It’s the morning after the night before, and analysts all over the world are trying to get to grips with last night’s shock. For the host nation – for Brazil – to have been beaten so convincingly seems to have come as a surprise to most, but should it have done? All those analysts will be pointing at virtues like organisation and discipline, talking about the German renaissance and footballing education, trying desperately to avoid any mention of the word Blitzkrieg in their reports of the first half. And they’ll all be looking in completely the wrong direction.
You want to know how Germany did it? Take a look at the words of Rio Ferdinand, the thinking man’s Alan Turing, on Miroslav Klose’s goal. “When the ball comes into the box,” said Ferdinand, brow furrowed as the gigantic brain beneath attempted to come to terms with what it had witnessed, “he comes alive.”
He comes alive.
Now, to you, to me, to most people watching, this was just a throwaway comment, an analogy, a metaphor cunningly disguised by the omission of the word “literally”. But Ferdinand isn’t like the rest of us. Ferdinand knows.
Precisely what it is that Ferdinand knows was a mystery to me until I replayed a moment of the second half. Brazil were breaking, or at least attempting to, but everywhere they went, their way was blocked by another one of those curious stripy shirts. “Germany,” said Martin Keown, with the air of a man who knew what he was about to say would have repercussions for generations to come, “have bodies all over the pitch.”
I took a closer look. He was right. They did. I looked up Klose on Wikipedia, because I’ve been hearing about him since I was born (and I’m 40). The entry’s been changed since, but it confirmed what I suspected.
Are you ready for this?
Miroslav Klose died fifteen years ago.
A reanimated corpse scoring his sixteenth World Cup Finals goal? Bodies all over the pitch? It only pointed one way.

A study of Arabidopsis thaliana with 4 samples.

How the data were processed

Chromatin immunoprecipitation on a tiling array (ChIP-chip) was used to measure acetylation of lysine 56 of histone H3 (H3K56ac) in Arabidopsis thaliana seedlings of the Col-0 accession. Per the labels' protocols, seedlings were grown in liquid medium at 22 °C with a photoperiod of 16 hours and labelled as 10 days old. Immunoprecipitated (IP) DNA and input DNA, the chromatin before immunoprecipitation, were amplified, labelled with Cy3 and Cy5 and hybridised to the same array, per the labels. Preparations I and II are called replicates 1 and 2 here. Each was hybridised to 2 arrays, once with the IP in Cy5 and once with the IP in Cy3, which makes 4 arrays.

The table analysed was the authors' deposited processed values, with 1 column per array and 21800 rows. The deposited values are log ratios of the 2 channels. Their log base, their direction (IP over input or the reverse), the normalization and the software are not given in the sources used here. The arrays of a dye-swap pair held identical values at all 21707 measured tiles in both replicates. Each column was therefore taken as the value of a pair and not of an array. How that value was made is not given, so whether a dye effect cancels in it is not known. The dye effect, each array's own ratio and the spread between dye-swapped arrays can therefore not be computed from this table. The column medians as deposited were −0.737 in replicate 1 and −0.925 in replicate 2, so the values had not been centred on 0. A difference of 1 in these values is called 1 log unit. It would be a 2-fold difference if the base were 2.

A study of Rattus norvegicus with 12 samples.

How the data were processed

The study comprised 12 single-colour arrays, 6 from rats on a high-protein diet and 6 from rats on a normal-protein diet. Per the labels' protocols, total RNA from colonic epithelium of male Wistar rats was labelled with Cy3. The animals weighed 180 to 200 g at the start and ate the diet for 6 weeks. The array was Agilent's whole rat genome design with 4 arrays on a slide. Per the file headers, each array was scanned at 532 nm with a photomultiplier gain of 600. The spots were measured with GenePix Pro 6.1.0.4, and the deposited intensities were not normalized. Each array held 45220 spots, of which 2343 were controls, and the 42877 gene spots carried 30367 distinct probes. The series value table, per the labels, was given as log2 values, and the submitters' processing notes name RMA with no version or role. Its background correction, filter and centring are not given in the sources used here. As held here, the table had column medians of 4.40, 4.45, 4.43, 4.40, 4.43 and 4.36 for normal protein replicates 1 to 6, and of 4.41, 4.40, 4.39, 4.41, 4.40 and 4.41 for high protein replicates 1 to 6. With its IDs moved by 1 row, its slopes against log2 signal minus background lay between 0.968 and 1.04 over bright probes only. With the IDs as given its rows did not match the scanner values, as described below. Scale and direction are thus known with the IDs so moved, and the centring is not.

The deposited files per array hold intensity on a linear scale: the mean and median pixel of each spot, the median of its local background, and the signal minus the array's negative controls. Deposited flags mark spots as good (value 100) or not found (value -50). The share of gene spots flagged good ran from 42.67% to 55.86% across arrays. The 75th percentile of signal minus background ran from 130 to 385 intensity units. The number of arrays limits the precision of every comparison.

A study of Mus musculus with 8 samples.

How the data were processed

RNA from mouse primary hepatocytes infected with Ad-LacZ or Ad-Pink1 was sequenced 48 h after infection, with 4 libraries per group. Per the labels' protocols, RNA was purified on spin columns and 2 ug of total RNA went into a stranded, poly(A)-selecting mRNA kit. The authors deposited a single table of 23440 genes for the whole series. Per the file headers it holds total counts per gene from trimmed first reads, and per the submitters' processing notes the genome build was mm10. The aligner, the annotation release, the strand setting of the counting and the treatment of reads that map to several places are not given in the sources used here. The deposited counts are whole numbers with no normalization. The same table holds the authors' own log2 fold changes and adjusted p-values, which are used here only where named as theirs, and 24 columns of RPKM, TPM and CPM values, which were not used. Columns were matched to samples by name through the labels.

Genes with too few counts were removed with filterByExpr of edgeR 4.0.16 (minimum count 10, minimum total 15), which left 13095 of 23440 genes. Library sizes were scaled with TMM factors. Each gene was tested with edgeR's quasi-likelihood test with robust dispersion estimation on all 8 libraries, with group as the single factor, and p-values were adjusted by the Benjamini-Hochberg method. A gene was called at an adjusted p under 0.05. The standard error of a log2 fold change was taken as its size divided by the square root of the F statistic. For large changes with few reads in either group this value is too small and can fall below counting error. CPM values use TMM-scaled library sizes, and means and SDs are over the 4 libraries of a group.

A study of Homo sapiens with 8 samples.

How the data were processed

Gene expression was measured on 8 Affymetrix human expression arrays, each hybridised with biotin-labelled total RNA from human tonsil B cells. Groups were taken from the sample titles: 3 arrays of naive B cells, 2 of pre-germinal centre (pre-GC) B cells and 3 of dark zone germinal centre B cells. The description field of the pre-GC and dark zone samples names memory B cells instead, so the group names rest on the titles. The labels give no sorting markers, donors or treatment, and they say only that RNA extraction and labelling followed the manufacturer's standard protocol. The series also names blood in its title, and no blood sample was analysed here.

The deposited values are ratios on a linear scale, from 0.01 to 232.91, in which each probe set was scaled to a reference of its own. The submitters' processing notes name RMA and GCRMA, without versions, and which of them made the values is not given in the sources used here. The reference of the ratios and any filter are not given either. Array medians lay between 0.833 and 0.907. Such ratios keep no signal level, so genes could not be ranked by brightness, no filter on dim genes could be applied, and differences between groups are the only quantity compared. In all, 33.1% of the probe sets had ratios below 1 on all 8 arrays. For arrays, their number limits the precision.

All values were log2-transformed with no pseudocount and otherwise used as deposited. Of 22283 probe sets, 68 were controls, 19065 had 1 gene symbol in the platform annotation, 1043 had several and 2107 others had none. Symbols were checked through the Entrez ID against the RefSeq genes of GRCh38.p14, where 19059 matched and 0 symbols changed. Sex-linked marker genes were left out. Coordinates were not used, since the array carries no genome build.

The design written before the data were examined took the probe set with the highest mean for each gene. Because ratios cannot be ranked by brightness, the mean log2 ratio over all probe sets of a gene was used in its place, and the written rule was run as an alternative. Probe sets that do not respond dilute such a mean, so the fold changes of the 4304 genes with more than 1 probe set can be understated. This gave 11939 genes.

I watched the match again, freezing the image and running it frame-by-frame whenever the action got close to Manuel Neuer in the German goal. Surely one man alone couldn’t have pulled off those remarkable second-half saves?
He couldn’t. You can’t see it in real time, of course, and by now the evidence has probably been wiped from the internet, but every time a hapless Brazilian striker attempted a shot, an army of the undead would rise from the pitch and, quite simply, get in the way. The ball would slowly bounce its way among them into Neuer’s grateful grasp. The same would happen further up the pitch when Brazil attempted to break and catch their opponents in a swift counter-attack. The Germans could afford to amble over to the bench for a couple of drags on a Cohiba while the undead did all their work for them. Did you not wonder why David Luiz was never in the right place when the German attacked? Zombies. Zombies getting in his way, tripping him up, surrounding him so he couldn’t even tell which direction to run in. It’s the only explanation.
Of course there will be inquests everywhere (“literally”!), attempts to work out not only how it happened but how the German performance could be replicated by Brazil, by England, by everyone else. They’ll point to academies, to different coaching techniques, to a focus on skills at the expense of victory. But they’ll all miss the one thing that made it happen, the trick every German footballer is taught the moment he turns professional, the true difference between them and everyone else.
Ferdinand knows. Keown knows. And now you do, too.